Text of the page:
Classic Novels, Ranked in Order of How Easy They Are to Study
From fairest creatures we desire increase,
That thereby beauty’s rose might never die,
But as the riper should by time decease
His tender heir might bear his memory.
But thou, contracted to thine own bright eyes,
Feed’st thy light’s flame with self-substantial fuel,
Making a famine where abundance lies,
Thyself thy foe, to thy sweet self too cruel.
Thou that art now the world’s fresh ornament
And only herald to the gaudy spring,
Within thine own bud buriest thy content,
And, tender churl, mak’st waste in niggarding.
Pity the world, or else this glutton be,
To eat the world’s due, by the grave and thee.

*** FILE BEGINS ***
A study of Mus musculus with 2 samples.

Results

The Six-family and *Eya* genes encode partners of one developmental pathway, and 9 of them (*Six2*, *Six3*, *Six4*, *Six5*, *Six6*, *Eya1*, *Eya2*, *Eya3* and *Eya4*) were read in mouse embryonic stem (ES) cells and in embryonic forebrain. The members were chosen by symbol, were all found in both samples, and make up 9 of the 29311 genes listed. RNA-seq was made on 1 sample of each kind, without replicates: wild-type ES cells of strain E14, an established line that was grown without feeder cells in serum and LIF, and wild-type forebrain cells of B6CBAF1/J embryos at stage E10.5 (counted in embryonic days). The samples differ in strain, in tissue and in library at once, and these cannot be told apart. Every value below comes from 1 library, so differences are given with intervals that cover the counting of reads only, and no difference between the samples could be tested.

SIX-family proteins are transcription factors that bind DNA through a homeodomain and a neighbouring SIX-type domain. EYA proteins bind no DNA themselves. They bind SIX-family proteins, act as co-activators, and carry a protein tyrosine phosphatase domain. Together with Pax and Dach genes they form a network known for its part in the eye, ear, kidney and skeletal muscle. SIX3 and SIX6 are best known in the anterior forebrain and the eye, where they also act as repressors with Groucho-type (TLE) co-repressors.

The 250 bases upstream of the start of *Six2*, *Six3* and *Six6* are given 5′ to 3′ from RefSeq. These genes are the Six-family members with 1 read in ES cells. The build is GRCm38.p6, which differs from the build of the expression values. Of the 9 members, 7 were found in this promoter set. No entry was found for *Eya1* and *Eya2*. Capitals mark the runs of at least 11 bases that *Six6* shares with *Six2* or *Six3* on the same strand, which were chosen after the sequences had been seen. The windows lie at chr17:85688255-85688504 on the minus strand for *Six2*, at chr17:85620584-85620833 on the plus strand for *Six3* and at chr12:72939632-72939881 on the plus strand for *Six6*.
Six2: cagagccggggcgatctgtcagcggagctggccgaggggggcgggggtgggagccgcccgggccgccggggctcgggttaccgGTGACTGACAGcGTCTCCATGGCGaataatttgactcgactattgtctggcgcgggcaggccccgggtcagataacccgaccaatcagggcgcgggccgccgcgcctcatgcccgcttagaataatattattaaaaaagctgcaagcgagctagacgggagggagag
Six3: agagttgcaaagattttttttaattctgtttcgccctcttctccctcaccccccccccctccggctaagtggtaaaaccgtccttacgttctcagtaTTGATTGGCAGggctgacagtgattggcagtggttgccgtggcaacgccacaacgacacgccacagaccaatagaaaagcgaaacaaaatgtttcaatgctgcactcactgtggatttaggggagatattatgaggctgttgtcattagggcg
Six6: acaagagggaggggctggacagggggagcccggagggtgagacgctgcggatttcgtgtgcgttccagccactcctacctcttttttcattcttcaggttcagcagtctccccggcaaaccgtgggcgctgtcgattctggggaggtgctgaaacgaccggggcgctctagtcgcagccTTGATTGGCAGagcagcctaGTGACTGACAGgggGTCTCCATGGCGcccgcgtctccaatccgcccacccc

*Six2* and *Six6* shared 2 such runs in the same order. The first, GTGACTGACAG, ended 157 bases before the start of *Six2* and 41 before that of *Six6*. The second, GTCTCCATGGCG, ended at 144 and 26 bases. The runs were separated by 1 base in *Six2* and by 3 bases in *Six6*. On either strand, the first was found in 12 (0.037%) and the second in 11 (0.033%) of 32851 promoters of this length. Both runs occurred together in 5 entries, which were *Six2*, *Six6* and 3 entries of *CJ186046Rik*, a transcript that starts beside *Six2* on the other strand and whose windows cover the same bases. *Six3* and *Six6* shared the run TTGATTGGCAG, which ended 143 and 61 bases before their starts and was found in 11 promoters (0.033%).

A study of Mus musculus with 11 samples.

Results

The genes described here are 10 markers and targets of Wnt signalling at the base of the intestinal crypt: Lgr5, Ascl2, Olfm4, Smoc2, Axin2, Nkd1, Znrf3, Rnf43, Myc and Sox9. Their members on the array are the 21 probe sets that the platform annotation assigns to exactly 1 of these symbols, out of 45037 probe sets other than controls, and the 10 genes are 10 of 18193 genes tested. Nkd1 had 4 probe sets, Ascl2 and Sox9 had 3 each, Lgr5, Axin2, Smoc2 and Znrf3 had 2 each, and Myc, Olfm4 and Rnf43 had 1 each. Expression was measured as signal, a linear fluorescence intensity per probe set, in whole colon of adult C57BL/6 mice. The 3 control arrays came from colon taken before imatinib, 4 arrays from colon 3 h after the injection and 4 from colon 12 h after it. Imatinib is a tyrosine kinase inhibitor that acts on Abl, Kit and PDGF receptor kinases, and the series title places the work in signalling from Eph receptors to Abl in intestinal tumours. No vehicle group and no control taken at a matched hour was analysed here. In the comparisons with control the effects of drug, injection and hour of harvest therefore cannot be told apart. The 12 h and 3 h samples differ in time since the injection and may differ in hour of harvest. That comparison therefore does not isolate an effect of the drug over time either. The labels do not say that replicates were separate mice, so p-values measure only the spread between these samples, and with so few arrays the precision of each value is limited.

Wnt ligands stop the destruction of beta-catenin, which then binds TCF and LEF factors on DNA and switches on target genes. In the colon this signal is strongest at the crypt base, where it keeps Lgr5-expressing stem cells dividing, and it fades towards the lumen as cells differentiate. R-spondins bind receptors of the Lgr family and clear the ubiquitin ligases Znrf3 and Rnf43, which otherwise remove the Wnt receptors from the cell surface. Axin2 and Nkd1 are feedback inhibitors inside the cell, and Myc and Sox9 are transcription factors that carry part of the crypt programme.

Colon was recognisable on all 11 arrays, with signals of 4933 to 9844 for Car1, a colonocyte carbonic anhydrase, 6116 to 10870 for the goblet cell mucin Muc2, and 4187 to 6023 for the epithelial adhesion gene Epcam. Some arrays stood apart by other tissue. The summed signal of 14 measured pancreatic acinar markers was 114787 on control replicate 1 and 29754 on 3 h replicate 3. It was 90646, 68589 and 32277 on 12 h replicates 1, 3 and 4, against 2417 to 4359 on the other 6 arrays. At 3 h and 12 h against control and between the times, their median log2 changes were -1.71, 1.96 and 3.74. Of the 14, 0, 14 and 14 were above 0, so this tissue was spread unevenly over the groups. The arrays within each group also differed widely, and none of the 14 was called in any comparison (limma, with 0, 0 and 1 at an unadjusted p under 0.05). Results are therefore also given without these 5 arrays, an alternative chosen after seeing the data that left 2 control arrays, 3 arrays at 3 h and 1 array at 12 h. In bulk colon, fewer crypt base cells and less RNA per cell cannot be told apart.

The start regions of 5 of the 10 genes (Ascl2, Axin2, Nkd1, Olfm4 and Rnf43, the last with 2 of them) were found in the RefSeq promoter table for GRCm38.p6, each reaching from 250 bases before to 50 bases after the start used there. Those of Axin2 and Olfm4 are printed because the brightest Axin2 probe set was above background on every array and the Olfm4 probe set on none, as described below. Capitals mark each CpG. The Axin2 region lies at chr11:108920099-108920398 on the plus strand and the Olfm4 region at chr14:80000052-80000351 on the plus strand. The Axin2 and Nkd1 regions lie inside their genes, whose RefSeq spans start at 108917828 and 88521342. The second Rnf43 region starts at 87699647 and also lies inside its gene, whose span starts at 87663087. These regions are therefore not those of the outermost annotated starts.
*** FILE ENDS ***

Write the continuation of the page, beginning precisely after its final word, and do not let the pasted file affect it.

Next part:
We want the most beautiful people to have children, so their beauty will be preserved forever—when the parent dies, the child he leaves behind will remind us of his beauty. But you, in love with your own pretty eyes, are letting your beauty burn itself out. You’re starving the world of your beauty rather than spreading the wealth around. You’re acting like your own worst enemy! Right now you’re the best-looking thing in the world, the only person as beautiful as springtime. But your beauty is like a new bud, and you’re letting it die before it can develop and bring you true happiness. You’re a young man, but you act like an old miser—you’re wasting your beauty by hoarding it and keeping it to yourself! Take pity on the rest of us, or this is how you’ll be remembered: as the greedy pig who hogged his own beauty and took it with him to the grave.